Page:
Deane: The tied MVP vote, or was it?

From SABR member Bill Deane at WordPress on November 13, 2016:

Only once in the history of the MVP Award has there been a tie for the honor.  In 1979, the Pirates’ Willie “Pops” Stargell and the Cardinals’ Keith Hernandez wound up with 216 points apiece in the BBWAA’s National League voting, so each was awarded a plaque.

For the third-place Cards, Hernandez led the National League in runs (116), doubles (48), and batting average (.344), ran a close second in hits and on-base percentage, and won his second Gold Glove Award at first base.  Stargell, who had finished second in controversial balloting in both 1971 and 1973, was the clean-up hitter (32 homers) and 39-year-old inspirational leader of the “We Are Family,” world champion Bucs.  Hernandez was listed by all 24 voters, while Stargell was omitted entirely from four ballots; however, Pops got ten first-place votes as compared to just four for Hernandez.  When it all shook out, they came out even.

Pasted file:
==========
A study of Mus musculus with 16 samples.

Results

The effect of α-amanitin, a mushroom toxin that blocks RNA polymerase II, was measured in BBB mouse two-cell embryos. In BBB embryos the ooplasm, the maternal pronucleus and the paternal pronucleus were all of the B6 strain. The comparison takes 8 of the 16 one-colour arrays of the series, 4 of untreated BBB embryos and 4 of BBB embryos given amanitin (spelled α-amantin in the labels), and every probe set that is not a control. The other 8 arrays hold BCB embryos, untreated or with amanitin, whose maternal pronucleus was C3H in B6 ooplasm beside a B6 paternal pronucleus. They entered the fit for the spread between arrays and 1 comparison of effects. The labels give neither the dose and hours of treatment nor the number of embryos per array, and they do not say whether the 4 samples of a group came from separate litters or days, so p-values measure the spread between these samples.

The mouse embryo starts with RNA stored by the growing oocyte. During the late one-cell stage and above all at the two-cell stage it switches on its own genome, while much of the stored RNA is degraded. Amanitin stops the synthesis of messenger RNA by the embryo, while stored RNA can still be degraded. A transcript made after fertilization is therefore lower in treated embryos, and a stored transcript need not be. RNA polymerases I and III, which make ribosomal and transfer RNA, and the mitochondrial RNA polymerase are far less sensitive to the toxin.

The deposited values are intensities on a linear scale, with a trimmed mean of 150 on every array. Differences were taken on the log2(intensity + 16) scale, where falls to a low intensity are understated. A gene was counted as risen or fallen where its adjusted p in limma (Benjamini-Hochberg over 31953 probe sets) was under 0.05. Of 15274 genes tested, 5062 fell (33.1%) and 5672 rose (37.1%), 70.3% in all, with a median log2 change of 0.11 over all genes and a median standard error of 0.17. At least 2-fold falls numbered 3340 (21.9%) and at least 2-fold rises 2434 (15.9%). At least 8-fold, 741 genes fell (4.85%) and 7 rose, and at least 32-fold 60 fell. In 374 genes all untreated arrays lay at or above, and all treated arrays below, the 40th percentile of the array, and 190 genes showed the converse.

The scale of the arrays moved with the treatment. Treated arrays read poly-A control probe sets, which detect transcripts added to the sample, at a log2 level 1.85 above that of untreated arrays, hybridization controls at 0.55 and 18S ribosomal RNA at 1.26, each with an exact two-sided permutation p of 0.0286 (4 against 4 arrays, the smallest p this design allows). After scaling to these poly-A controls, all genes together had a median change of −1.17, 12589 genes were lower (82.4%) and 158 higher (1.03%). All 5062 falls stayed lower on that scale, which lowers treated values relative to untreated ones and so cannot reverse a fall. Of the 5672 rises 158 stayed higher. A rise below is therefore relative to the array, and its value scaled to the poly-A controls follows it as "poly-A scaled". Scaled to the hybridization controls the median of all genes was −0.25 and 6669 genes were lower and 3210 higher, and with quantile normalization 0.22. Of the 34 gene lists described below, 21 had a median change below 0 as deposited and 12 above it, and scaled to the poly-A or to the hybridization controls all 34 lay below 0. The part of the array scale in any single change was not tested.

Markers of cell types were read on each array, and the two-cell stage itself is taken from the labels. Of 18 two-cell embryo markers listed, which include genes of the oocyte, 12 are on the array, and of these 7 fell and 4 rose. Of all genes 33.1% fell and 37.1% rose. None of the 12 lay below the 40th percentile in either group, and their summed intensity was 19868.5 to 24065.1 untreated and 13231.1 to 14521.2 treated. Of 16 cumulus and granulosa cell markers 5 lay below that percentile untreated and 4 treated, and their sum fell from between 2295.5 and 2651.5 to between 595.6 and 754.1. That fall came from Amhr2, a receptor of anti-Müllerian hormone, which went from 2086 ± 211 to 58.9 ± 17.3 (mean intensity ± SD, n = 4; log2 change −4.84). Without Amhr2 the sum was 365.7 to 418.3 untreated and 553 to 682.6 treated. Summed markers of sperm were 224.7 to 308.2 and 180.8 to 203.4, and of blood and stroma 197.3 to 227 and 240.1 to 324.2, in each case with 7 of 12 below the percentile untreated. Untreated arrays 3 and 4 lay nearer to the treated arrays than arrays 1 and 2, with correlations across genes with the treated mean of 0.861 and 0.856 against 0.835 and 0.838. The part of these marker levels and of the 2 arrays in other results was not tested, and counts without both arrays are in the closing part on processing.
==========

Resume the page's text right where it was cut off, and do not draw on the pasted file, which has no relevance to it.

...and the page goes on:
However, it is quite possible that there wasn’t really a tie after all.

In my 1988 Society for American Baseball Research book, Award Voting, I addressed and criticized the phenomena of split votes – writers dividing votes in half between two players in the voting for major awards.  Between 1959 and 1984, there were split votes in 33 different MVP, Cy Young, and Rookie of the Year elections (possibly because of my book, they have since been outlawed).  The biggest impact of a split vote may have been in the 1968 NL Rookie poll, when one writer split his vote between Johnny Bench and Jerry Koosman, and Bench won by one point, 10½-9½.